KCDOT works with local consulates to reach Spanish-speaking customers

As part of our commitment to delivering accessible service to all residents of King County, regardless of their place of origin, KCDOT leadership recently met with the local consuls of five Latin American nations to help us improve our communications with Spanish-speaking customers.


Nearly one of every 10 King County residents is of Hispanic/Latinx origin, according to the last census, and of those who speak Spanish at home, nearly half say they speak English less than “very well.” Language can become a barrier to using public transit, and elements of Metro’s printed bus schedules are now bilingual in Spanish.

Consuls representing the nations of El Salvador, Guatemala, Honduras, and Peru met with us at King Street Center, while the Consul of Mexico hosted us in his office. Because the consulates are regarded as trustworthy sources of information for immigrant communities, KCDOT Director Harold Taniguchi opened a frank conversation about how Metro Transit can identify gaps in our services and identify new strategies to reach otherwise isolated communities.


Because Metro serves customers at all levels of language proficiency, the consuls urged us to avoid using technical terms in printed materials and stick to simple, clear English – good advice in any respect. When it comes to material in Spanish, bad translations can happen to good agencies; the consuls observed that flawed translation can be worse than none at all, and encouraged us to carefully review materials to ensure accurate communication.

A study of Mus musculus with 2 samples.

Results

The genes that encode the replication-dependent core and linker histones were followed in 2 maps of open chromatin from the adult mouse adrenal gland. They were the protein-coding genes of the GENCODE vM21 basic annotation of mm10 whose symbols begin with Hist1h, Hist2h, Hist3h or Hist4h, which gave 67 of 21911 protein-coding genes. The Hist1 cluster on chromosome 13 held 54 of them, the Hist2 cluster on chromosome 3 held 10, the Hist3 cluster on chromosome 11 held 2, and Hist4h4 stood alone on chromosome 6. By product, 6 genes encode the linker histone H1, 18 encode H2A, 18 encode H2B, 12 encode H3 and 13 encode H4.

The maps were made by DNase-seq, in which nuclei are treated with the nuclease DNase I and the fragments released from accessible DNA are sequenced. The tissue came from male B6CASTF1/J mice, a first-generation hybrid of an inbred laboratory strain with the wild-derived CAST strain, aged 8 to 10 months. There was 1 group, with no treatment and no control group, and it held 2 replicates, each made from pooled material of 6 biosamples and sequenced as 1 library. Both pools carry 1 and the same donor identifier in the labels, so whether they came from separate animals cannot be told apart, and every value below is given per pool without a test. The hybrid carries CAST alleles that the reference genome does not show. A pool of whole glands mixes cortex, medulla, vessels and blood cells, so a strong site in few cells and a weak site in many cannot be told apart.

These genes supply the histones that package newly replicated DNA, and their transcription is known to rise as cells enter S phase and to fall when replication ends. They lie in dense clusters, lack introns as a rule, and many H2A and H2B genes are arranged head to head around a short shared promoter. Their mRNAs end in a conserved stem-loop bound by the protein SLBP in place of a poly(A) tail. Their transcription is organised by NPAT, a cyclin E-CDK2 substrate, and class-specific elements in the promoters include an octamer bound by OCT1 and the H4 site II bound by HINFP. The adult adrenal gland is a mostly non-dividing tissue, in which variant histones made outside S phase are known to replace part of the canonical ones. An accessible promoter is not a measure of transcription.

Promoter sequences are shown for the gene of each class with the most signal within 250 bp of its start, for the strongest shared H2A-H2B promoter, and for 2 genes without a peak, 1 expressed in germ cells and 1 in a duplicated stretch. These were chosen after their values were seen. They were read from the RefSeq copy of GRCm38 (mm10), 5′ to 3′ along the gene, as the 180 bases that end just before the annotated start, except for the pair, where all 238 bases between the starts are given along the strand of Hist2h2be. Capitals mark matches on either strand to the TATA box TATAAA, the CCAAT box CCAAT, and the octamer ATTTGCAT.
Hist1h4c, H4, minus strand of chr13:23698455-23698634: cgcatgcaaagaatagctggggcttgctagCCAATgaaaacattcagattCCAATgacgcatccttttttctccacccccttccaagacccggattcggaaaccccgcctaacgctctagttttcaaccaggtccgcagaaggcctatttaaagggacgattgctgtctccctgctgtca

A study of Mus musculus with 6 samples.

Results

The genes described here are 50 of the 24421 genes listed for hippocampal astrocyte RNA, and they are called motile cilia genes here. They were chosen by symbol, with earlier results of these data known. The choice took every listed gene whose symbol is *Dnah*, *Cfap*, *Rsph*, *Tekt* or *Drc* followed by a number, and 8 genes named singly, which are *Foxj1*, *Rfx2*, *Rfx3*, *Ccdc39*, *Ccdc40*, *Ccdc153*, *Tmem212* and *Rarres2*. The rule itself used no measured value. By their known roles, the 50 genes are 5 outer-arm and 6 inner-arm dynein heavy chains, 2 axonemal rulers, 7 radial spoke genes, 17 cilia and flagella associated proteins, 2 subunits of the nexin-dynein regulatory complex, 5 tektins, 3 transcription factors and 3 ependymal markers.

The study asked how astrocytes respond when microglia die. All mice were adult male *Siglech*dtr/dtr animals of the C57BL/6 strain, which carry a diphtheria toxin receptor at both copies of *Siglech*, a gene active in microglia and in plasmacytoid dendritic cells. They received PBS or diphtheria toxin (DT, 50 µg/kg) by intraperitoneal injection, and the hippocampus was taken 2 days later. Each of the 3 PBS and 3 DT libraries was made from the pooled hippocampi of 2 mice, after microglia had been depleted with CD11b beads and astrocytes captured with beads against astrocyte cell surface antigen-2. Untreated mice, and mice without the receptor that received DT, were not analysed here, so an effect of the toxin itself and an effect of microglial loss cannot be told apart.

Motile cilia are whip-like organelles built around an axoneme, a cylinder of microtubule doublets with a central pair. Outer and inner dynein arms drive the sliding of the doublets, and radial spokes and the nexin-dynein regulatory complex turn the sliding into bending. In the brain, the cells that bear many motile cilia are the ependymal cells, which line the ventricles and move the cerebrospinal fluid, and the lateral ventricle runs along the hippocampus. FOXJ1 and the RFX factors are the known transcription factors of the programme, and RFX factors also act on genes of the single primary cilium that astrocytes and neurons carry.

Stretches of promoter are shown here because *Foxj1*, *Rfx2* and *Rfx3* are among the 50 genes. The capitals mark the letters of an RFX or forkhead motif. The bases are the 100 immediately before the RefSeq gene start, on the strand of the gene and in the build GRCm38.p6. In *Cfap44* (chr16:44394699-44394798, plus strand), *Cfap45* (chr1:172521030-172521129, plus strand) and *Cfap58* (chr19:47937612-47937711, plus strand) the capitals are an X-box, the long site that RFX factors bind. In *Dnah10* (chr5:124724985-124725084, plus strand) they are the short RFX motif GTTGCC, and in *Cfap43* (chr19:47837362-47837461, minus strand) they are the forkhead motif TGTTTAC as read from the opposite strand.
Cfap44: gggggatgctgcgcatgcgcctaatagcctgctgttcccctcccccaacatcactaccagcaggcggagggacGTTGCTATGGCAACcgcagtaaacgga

Mexican Consul Roberto Dondisch-Glowinski suggested that Metro translate its social media posts and share them with the consulates, who could then reshare them with their own constituencies via radio, TV, and newspapers.

Clary Monzón, Consul of El Salvador, called the meeting “a great step to involve and serve the Latino community, as we are an integral part of this society.”

“I strongly believe that the men, women, children, and young adults from diverse communities and origins who reside in the State of Washington are grateful for the transportation services available,” added Honduran Consul Edgardo Chávez.

all-welcome-king-countyOur work with the Latin American consulates is a model for how we can work with other immigrant communities to improve and expand our outreach. As Executive Constantine reminds us, “All are welcome here.”

King County is taking part in Hispanic Heritage Month events from Sept. 15 to Oct. 15.  A Metro bus is joining the South Park Parade and Community Festival, where food, arts and culture, and free health advice will be offered by Sea Mar Community Health Centers. We’ll also be at the MexAm Northwest Festival in Auburn, and Sea Mar Community Health Centers Fiestas Patrias at Seattle Center.